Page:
LARGO - A former member of the Largo City Commission, saying that he can remain silent no longer, has blasted the operations of the city administration and implied that the City Commission is a "captive" body.
Charlie Harper, who did not seek re-election in 2005, made the latest project of the city pushing development of the former Winn Dixie story site one of his targets.
"The new project is designed to take the heat off the failed 'super block' development," Harper said.
He was referring to the plans to develop the huge block on the southeast corner of U.S. 19 and Roosevelt Boulevard.
Fred Thomas was planning to move his successful business into that site and Bob Schmidt, a Belleair Shore official and developer, had plans through his Boulder Venture company for a mixed use development.
That whole project, that was beset with petty politics and bitter encounters between City Manager Steve Stanton and Bob Jackson, the former mayor, seems to have fallen by the wayside. It was supposed to have been the best thing since the invention of printed currency.
Referring to that failed effort, Harper said, "The redevelopment of the old grocery store site is now the 'future,'" Harper said.
The site is on East Bay and Highland Avenue, just a block from the city hall.
A restaurant, homes, recreation center, shops and offices are planned on the site which the City Commission first officially heard about last week.
Largo's administration seldom gives advance notice to the commission of its plans, but usually presents ideas as a fait accompli.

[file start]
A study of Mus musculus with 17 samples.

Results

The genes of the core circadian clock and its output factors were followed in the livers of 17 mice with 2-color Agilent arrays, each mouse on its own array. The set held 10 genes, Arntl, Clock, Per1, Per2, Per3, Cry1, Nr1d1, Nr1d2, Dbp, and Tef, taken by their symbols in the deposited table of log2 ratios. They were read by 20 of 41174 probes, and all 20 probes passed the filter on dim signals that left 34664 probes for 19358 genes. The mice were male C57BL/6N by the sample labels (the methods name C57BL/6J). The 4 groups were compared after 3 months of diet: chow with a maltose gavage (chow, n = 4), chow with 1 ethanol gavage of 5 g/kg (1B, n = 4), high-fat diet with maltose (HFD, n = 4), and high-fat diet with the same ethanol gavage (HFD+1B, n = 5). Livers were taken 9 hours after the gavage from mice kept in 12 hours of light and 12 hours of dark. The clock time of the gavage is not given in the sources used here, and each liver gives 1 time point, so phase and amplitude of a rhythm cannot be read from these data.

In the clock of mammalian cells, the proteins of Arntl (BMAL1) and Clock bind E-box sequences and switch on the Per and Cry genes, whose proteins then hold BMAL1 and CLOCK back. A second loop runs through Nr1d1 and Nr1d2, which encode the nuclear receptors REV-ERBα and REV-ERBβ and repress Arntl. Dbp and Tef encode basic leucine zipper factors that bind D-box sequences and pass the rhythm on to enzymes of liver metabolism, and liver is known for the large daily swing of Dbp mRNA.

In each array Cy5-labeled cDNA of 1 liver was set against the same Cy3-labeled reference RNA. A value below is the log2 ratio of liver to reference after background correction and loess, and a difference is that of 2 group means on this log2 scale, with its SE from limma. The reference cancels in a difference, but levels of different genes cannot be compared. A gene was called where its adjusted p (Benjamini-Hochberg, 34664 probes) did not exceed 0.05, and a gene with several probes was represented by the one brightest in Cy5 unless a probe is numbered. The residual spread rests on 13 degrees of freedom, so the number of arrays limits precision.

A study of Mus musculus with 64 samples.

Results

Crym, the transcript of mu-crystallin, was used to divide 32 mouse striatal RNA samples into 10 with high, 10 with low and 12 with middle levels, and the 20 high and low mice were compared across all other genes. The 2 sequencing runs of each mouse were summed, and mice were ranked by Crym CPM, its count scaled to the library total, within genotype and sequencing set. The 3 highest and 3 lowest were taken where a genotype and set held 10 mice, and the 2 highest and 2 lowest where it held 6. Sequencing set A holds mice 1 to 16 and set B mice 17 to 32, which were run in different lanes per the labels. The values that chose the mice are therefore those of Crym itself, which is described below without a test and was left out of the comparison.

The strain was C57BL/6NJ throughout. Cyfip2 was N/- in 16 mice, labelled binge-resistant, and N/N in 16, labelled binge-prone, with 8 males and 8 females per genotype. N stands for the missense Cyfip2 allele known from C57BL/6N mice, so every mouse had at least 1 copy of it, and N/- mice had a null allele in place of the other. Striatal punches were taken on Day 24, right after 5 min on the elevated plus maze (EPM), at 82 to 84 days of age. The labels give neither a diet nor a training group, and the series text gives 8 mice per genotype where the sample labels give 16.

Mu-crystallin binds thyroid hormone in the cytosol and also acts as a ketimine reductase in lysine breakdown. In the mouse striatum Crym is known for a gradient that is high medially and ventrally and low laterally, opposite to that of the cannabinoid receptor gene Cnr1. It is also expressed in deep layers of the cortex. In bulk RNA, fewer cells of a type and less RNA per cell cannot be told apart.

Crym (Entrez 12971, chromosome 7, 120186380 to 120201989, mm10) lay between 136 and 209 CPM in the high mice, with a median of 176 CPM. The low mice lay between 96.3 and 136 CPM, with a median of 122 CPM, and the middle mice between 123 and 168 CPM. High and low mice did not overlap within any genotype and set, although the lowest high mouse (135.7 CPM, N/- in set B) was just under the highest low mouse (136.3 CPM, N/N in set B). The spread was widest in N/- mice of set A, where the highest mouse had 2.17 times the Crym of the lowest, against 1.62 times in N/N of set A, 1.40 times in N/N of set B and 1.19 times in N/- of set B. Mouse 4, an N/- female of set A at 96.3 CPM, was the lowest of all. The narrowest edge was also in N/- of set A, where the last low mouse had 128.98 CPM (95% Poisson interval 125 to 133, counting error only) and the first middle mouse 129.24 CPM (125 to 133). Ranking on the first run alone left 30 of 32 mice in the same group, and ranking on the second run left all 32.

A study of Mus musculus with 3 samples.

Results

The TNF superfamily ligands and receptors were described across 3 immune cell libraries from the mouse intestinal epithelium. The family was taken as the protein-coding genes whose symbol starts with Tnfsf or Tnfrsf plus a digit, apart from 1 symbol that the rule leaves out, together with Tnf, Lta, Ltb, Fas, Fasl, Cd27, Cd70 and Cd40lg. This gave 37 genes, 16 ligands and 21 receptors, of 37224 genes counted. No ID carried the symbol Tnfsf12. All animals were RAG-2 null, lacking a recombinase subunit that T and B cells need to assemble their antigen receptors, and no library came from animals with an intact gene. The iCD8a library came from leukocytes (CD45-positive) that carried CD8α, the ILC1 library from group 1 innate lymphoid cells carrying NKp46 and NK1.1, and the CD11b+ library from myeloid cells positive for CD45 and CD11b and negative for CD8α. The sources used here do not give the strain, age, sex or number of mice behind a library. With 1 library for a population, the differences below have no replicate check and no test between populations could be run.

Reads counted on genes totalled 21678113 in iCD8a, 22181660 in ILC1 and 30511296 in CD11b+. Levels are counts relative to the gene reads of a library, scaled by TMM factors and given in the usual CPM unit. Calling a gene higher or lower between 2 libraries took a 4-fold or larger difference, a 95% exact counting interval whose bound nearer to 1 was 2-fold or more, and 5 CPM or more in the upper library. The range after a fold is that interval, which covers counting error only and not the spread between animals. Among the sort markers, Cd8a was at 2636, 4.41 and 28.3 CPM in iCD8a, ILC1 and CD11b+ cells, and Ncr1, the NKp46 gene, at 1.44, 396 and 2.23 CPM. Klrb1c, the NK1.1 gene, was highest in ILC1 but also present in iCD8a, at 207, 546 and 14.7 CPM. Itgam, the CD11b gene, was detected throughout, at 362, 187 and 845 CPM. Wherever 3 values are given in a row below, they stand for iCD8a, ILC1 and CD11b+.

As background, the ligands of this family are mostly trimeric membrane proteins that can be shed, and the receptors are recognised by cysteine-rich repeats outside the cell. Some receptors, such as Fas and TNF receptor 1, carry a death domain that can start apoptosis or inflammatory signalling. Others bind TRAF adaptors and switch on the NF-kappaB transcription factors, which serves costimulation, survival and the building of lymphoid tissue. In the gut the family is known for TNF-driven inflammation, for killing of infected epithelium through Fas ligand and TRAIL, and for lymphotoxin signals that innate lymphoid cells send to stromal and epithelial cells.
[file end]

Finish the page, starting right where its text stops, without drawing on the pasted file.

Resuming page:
The commission agreed to allow the city to pursue development in partnership with the property owner on the 8 ½ acre site.
Harper sees a cost to taxpayers for this project. "Funny thing," he says, "but everything the city gets involved in costs the taxpayers plenty. The old city hall property was sold for far less than its value and the same goes for where the old police station was."
Harper admitted that the hotel built on the old police station site was good but "that it cost the city big time."
He continued, "Now the old library building comes down, and we could have a world renowned medical education facility there."
Harper was referring to St. Petersburg College's idea of having a school for prosthetics there. That idea was summarily turned down by the commission in favor, at the time, of promoting a go-nowhere art center there.
Harper says, "I still ask the question, where is the money coming from for the development on the Winn Dixie site? Only (Commissioner) Mary Black asked about costs when it was brought before the commission last week, but she was pushed aside."
He pointed out that recreation fees in the city went up this year, that sewer taxes "are about to sky rocket, but the only cautionary voices come from a pair of citizens, Curtis Holmes and John Atanasio."
Harper praised the Clearwate Gazette for its coverage and pointed out that the county's only daily newspaper is "hiding the news and will do nothing to slow down the 'progressive' force that has taken over the Largo government."
"So what is going on in Largo?" Harper asks. "For years this city did not raise tax levels, we lived well on the yearly property increases. Now we are raising revenue from every available resource.
"If poor planning over the previous 10 to 15 years was at fault, why does the administration just say so, and provide evidence of that. If that was not the case, and I suspect it was not, we must ask the question now, 'What is going on with the constant need to raise tax revenue?' Inflation cannot be blamed, growth, especially the way Largo does it, should add revenue with not a great deal more of expense. So why the need?"
Harper warned that the current commission "better start asking hard questions of the administration. I was a commissioner, I had a part in some of this so I am not pointing blame at any one person, but it is time that the elected officials stand up and do the job they were elected to do."